My first brush with corporate power happened a long time ago, when I was editor of the daily newspaper The Western Star in Corner Brook, Newfoundland.
Corner Brook was—still is—a paper mill town. At the time, the mill was the world’s largest, owned by the big British corporation Bowater’s.
I was appalled, after taking over the editorial post, to learn that Bowater’s had been exempted from all provincial taxes. The company had also been given logging rights to vast tracts of land without ever having to pay a cent in royalties or stumpage fees. It wasn’t even compelled to pay any municipal tax, even though it was by far the largest property owner in the city. It made an in-lieu-of-tax contribution to the city, but at a mill rate (no pun intended) far below that assessed on other residents.
In effect, Bowater’s had been given the freedom to exploit the island’s forest resources with no reciprocal obligation other than to provide some jobs for loggers and paper mill workers. And the number of those jobs was steadily declining as the company proceeded to automate and mechanize its operations.
In one of my many editorials blasting the company’s tax-exempt status, I asked sarcastically if Bowater’s would still be allowed this free ride even if eventually it employed only one person to push a button every morning. I kept churning out my indignant editorials for several months, to absolutely no effect. I was the proverbial voice crying in the wilderness of political indifference and civic apathy.
At a city hall ceremony, I bumped into the mill manager, Monty Lewin. “Well, Finn,” he said teasingly, “how much longer are you going to waste our best newsprint running your inane editorials?”
“As long as necessary,” I said.
“As long as you’re the editor, you mean.”
“You think I won’t be the editor much longer?”
Lewin grinned. “My associates want me to have you sacked, which I could easily do, but I told them that would only make a martyr of you—and besides, nobody is paying the slightest attention to your rants, so why should we worry?”
He was wrong about nobody reading my editorials, but right about nobody with any authority heeding them. The provincial politicians ignored me, and the city councillors, though privately sharing my frustration, didn’t dare challenge the community’s largest employer.
A few years later, Bowater’s was challenged effectively by a labour union, the International Woodworkers of America (IWA), which organized the company’s underpaid and mistreated loggers, and those of the other big paper firm in the province, the Anglo-Newfoundland Development Company based in Grand Falls. Of course the companies refused to negotiate fairly, even rejecting a conciliator’s proposed modest settlement and forcing the union to go on strike.
So powerful was the companies’ political influence that Premier Joey Smallwood, a professed socialist who had formerly worked as a labour organizer, was induced to break the strike. He decertified the union and expelled it from the province. The great Toronto Star editorial cartoonist, Duncan MacPherson, brilliantly depicted Smallwood’s betrayal of the loggers, showing Joey seated on a throne under the banner “Better to Rule with Management than Serve with Labour.”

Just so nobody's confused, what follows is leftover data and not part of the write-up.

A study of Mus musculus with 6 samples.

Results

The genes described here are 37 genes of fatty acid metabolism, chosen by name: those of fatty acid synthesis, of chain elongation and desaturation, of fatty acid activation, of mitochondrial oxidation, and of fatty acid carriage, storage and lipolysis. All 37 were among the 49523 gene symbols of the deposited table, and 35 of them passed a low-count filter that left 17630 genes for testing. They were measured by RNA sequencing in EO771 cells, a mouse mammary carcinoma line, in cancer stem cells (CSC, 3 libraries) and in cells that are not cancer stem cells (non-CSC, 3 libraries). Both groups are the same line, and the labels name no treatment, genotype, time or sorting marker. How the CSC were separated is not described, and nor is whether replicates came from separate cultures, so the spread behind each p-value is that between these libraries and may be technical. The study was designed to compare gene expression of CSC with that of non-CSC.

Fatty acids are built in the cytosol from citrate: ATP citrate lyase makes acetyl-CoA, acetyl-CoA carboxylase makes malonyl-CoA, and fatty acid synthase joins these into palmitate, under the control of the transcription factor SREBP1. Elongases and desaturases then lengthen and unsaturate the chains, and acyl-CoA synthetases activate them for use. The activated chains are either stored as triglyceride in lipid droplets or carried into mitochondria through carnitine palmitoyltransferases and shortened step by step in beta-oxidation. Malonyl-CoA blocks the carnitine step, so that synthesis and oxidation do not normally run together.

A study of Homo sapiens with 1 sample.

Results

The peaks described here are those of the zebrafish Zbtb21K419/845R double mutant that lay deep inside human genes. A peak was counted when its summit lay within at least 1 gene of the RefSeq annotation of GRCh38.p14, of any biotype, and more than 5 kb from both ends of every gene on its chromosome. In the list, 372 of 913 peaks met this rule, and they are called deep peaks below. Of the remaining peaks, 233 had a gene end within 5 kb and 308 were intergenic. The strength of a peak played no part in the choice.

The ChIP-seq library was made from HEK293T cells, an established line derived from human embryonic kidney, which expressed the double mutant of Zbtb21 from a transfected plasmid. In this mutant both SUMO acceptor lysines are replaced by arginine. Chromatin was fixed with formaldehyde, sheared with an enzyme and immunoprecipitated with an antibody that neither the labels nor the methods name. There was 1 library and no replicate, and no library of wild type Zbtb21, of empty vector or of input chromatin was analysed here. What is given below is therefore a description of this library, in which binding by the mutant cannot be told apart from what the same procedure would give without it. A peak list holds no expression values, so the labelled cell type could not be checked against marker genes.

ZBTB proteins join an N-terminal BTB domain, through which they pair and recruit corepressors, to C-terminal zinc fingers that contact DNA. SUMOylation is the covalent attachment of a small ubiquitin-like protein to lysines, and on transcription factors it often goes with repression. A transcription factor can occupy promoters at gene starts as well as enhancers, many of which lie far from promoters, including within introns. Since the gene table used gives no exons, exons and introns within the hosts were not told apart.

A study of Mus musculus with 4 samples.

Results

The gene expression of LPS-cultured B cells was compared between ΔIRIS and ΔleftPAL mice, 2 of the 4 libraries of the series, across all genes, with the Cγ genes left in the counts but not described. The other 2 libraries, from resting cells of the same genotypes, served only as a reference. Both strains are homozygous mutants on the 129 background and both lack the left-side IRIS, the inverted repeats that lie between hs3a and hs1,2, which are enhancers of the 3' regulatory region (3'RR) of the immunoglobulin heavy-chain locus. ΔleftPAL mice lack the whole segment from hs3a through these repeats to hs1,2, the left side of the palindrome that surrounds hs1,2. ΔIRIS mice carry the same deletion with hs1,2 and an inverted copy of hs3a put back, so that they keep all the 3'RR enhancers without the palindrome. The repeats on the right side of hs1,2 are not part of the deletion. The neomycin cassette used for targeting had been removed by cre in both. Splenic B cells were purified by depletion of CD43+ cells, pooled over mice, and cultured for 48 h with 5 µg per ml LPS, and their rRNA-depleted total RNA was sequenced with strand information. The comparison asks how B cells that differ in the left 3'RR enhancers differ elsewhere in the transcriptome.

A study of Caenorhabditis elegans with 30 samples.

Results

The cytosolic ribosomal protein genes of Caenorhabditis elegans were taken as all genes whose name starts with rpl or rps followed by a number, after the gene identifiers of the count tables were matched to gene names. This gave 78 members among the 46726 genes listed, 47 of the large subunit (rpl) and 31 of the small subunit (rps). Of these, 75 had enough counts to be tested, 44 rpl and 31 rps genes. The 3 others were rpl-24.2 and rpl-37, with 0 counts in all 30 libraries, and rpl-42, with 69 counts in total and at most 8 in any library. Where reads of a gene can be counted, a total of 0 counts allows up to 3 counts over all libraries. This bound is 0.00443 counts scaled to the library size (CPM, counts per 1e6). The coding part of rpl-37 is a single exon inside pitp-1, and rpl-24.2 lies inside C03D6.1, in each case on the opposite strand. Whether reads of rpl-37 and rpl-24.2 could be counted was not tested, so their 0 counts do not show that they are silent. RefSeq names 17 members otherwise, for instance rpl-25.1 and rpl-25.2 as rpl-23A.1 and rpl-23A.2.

The companies finally disposed of my editorial nuisance during the strike, pressuring the paper’s publisher to direct me to present only the companies’ side of the dispute and suppress anything favourable to the union. This constraint on journalistic principles left me and three of my editorial colleagues—if we were to retain our self-respect—with no option other than to hand in our resignations.
(Twenty years later, having harvested the most productive and accessible timber on the island, and having put its huge profits into building new mills in the southern U.S., Bowater’s simply abandoned its Corner Brook operations.)
This exercise of business greed and brutality served to alert me to the social and economic dangers of excessive corporate power and turned me into something of a crusader against it when I later worked as an editor for several unions and for 14 years as a labour columnist with The Toronto Star. (The corporations didn’t like my Star column, and several times tried to persuade editor Martin Goodman to terminate it, but it wasn’t until after Martie’s tragic early death in 1982 that they managed to get me turfed out.)
If I thought the corporations wielded too much power in the mid-1900s, I have since seen that power expand enormously, to the point where they now effectively control the global economy and most governments. I recall Monty Lewin’s long-ago taunt that nobody was paying any attention to me—or later to the many other critics of corporate power who have since emerged with much greater eloquence and larger audiences than mine. But the fight for global social and economic justice has also swelled in scope and numbers that match the corporate surge. People are paying attention to us. They are becoming aware of the threat that corporate rule poses to their livelihood, their quality of life, their rights, and their environment.
I’m privileged today to be serving with the CCPA, an organization dedicated to exposing the many detrimental effects of corporate rule and to offering fair and workable alternatives. My message hasn’t changed all that much since my first encounter with a ruthless paper company half a century ago. (See Pages 8 & 9.) But the CCPA needs to reach more than its present 10,000 Canadians who generously support our work. You can do your bit by helping to increase our membership, and thus our influence. If every current member committed to bringing one additional person into the CCPA, we could double the contribution we collectively make to the struggle for a better world.
(Ed Finn is the CCPA's Senior Editor. He can be reached at [email protected].)